How to Swap a Hummer Turbo Diesel Engine
Updated April 14, 2009
Rick and Chuck at Great Lakes Hummer in Niles Michigan performed the operation on my 98 turbo diesel with a cracked #8 cylinder on Jan 17, 2001. By the time they did my engine they had already performed many engine swaps. The pictures show what a complete engine looks like new in the crate. I had a rare opportunity to photograph many parts of the truck that are usually hidden from view, so if you are looking to see how something goes together or what a part looks like you might see it here.
When we did the swap the new water pump didn't bolt up to the old fan clutch. The new pump uses a big nut while the old one uses 4 bolts. I didn't want to put the old water pump on a brand new engine so I bought a new fan clutch to match the new water pump. My existing plastic fan bolted right to the new fan clutch.
New Fan Clutch
The new water pump had one outlet instead of 2 so we Tee'd the heater lines together as shown,
You will also see us installing a pyrometer in the turbine inlet tube to measure the EGT (exhaust gas temps). In addition we tapped the manifold and installed a brass fitting for the boost gauge.
Below is the list of exactly how you remove and replace an engine. The job takes between 18 and 24 man hours.
- Undo any connections to accessories fastened to the hood such as lights and winch controls.
- Remove the inside hood prop rod
- Remove hood hinges
- Remove the hood and set aside
- Remove the batteries
- Purge the A/C system
- Drain the antifreeze
- Remove the passenger side kick panel
- Remove the doghouse and set aside
- Remove the inside engine cover and set aside
- Disconnect the transmission cooler and oil cooler lines
- Disconnect the A/C lines
- Disconnect the heater and radiator hoses
- Unbolt and remove the radiator stack (there are bracket bolts on the inside of the stack to remove) and put aside.
- Remove the inner fender wells
- Remove the air inlet hose (big black one)
- Remove the serpentine belt and tensioner
- Remove the alternator
- Remove the fan/clutch
- Remove the Power steering pulley
- Remove lower pulley on balancer to allow more room to remove
- Remove the rear heat shields from engine
- Remove the turbo and inlet plenum
- Remove the wires from the glow plug controller
- Remove the nut holding the dipstick tube on top and the other on the turbo outlet. You will have to swap dipstick tubes because the 2000 dipstick is different.
- Remove the Alternator / Vacuum pump bracket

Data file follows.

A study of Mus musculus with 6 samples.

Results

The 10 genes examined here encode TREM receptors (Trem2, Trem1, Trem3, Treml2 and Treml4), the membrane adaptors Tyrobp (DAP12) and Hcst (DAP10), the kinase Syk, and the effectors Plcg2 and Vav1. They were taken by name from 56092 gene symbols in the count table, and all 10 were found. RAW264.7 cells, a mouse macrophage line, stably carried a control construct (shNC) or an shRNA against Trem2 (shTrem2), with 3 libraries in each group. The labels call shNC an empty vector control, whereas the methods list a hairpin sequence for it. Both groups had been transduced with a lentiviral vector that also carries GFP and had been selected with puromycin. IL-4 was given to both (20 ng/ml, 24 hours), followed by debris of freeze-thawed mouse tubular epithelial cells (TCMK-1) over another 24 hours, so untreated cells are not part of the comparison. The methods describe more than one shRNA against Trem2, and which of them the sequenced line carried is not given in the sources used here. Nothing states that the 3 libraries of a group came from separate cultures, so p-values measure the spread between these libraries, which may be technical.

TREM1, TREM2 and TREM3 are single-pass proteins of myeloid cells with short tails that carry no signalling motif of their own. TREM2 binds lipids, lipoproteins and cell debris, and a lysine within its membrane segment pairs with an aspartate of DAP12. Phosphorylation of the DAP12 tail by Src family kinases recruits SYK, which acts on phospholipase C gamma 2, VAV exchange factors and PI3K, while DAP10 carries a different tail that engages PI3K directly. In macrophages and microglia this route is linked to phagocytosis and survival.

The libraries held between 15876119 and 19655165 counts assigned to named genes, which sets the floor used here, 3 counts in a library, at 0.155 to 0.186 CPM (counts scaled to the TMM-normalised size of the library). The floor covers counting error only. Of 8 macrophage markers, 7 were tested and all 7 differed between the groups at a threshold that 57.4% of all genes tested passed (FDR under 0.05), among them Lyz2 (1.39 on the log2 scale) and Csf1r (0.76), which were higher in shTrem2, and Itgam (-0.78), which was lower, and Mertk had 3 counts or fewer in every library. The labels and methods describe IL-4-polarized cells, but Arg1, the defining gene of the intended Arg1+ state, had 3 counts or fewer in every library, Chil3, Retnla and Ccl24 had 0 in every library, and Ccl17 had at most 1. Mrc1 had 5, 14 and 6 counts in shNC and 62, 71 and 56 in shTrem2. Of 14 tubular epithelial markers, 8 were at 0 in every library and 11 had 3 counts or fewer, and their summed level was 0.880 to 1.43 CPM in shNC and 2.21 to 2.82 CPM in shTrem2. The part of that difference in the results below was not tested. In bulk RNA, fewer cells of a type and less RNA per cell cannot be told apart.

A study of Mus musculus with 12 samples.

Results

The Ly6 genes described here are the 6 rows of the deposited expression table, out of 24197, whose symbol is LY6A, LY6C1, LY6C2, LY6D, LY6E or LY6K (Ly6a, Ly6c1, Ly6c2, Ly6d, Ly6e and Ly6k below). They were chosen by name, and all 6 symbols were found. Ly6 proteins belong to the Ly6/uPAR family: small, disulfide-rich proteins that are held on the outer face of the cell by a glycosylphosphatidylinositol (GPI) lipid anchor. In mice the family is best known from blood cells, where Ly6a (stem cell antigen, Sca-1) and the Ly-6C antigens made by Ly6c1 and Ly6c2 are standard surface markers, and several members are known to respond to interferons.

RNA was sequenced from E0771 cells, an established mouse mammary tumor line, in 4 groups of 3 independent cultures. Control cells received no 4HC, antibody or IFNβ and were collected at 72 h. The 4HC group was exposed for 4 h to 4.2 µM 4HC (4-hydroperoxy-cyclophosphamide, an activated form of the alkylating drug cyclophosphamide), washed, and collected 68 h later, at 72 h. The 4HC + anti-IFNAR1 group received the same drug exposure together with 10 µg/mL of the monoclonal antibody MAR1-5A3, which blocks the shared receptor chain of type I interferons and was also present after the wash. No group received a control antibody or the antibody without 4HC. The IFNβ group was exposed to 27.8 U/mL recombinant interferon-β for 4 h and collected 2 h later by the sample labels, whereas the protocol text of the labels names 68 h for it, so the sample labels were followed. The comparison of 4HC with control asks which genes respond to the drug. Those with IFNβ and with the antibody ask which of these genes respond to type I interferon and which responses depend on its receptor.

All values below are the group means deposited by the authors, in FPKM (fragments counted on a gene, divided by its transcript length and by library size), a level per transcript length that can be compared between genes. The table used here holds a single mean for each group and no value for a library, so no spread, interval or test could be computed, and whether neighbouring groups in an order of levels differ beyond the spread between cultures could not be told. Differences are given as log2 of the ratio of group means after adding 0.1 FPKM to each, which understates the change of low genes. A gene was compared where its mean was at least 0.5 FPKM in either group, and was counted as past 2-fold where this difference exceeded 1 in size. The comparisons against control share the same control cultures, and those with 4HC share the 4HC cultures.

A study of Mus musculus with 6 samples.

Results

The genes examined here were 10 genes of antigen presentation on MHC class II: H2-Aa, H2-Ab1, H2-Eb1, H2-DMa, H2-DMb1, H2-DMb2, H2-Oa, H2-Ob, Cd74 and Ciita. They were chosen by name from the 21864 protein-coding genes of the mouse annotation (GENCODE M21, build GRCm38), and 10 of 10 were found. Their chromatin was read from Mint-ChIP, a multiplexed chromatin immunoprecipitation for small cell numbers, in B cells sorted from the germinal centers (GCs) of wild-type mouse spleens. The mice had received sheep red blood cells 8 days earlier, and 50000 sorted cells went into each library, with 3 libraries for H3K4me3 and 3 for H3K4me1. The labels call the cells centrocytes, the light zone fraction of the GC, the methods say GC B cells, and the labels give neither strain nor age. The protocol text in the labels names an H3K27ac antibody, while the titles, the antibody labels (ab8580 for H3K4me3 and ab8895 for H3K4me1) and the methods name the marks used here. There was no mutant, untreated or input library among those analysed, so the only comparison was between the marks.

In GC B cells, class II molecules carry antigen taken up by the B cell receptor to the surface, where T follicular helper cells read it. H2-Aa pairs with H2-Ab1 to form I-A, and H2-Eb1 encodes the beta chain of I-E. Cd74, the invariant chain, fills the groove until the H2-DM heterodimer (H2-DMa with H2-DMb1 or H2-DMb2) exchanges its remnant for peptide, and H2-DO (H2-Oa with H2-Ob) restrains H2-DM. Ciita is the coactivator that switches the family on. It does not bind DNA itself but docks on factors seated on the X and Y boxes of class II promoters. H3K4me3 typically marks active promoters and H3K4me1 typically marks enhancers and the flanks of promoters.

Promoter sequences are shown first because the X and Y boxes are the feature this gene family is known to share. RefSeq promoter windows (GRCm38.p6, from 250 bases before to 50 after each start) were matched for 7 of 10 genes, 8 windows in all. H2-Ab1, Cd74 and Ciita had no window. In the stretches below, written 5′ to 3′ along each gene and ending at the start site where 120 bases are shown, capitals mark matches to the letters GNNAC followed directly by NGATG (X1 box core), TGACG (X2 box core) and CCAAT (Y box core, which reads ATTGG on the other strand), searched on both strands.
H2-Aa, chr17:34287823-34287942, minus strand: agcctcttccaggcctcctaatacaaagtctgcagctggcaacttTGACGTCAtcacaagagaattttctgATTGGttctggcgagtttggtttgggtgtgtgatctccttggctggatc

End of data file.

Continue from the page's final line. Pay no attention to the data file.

- Undo the wiring harness
- Raise the truck and remove the undercarriage protection
- Remove the heat shield and exhaust pipe cross over
- Unbolt the Center bearing and move drive shaft out of the way
- Drain the oil and remove the oil filter adapter
- Remove wire harness from block heater
- Unwire and remove the starter (keep track of the shim)
- Remove the triangular bracket that holds the starter wires from the oil pan
- Remove oil cooler lines and fittings from block and transfer to new block. You will have to loosen the exhaust manifold on the new engine to install the fitting
- Remove the motor mount bolts
- Remove the transmission inspection cover (torque converter)
- Remove torque converter bolts "6"
- Remove the bell housing bolts (depending on the engine new bolts may be metric)
- Change oil filter adapter from old block to new and install all new o-rings and seals
- Lower the truck and support the transmission with a floor jack
- Bolt on the engine puller frame
- PULL THE ENGINE OUT
- Exchange the CDR hose, motor mounts, engine harness and oil sender with new engine
- Move the radiator "U" bracket from the old engine to the new.
- Remove the turbo from the new engine
- Remove the fuel rails from the new engine. 98's don't use the new style rails.
- Remove the crankshaft pulley from the new engine. This allows the engine to be installed easier.
- You may have to swap the water pumps because of the fan clutch and heater outlet configuration.
- INSTALL NEW ENGINE making sure to line up the dowels on the trans and the motor mounts.
- Raise the truck and assemble the bottom end. Bell housing, center bearing, starter, exhaust crossover, filter adapter, oil cooler lines, shields and undercarriage protection etc.
- Use special silicon sealer to waterproof the starter connections
- Install the turbo from inside the truck.
- Attach all harnesses to the engine. It may be necessary to splice the engine harness on older trucks (prior to 98).
- Install the heat shields and turbo inlet tubes making sure to torque correctly. Over tightening the stainless inlet tubes will crimp them.
- Install the crankshaft pulley fan/ fan clutch
- Install the power steering pump, hoses, alternator and all engine brackets with serpentine belt.
- Install the cooling stack and reattach all hoses
- Install the wheel wells, battery tray and batteries.
- Refill with 3 gallons of antifreeze and water.
- Charge the A/C system
- Test start and check the injector pump timing with scan tool. Bleed air from cooling system and check out all functions.
- Grind taper on hood hinge bolts and install the hood. You may have to align the hood by loosening the mounting brackets.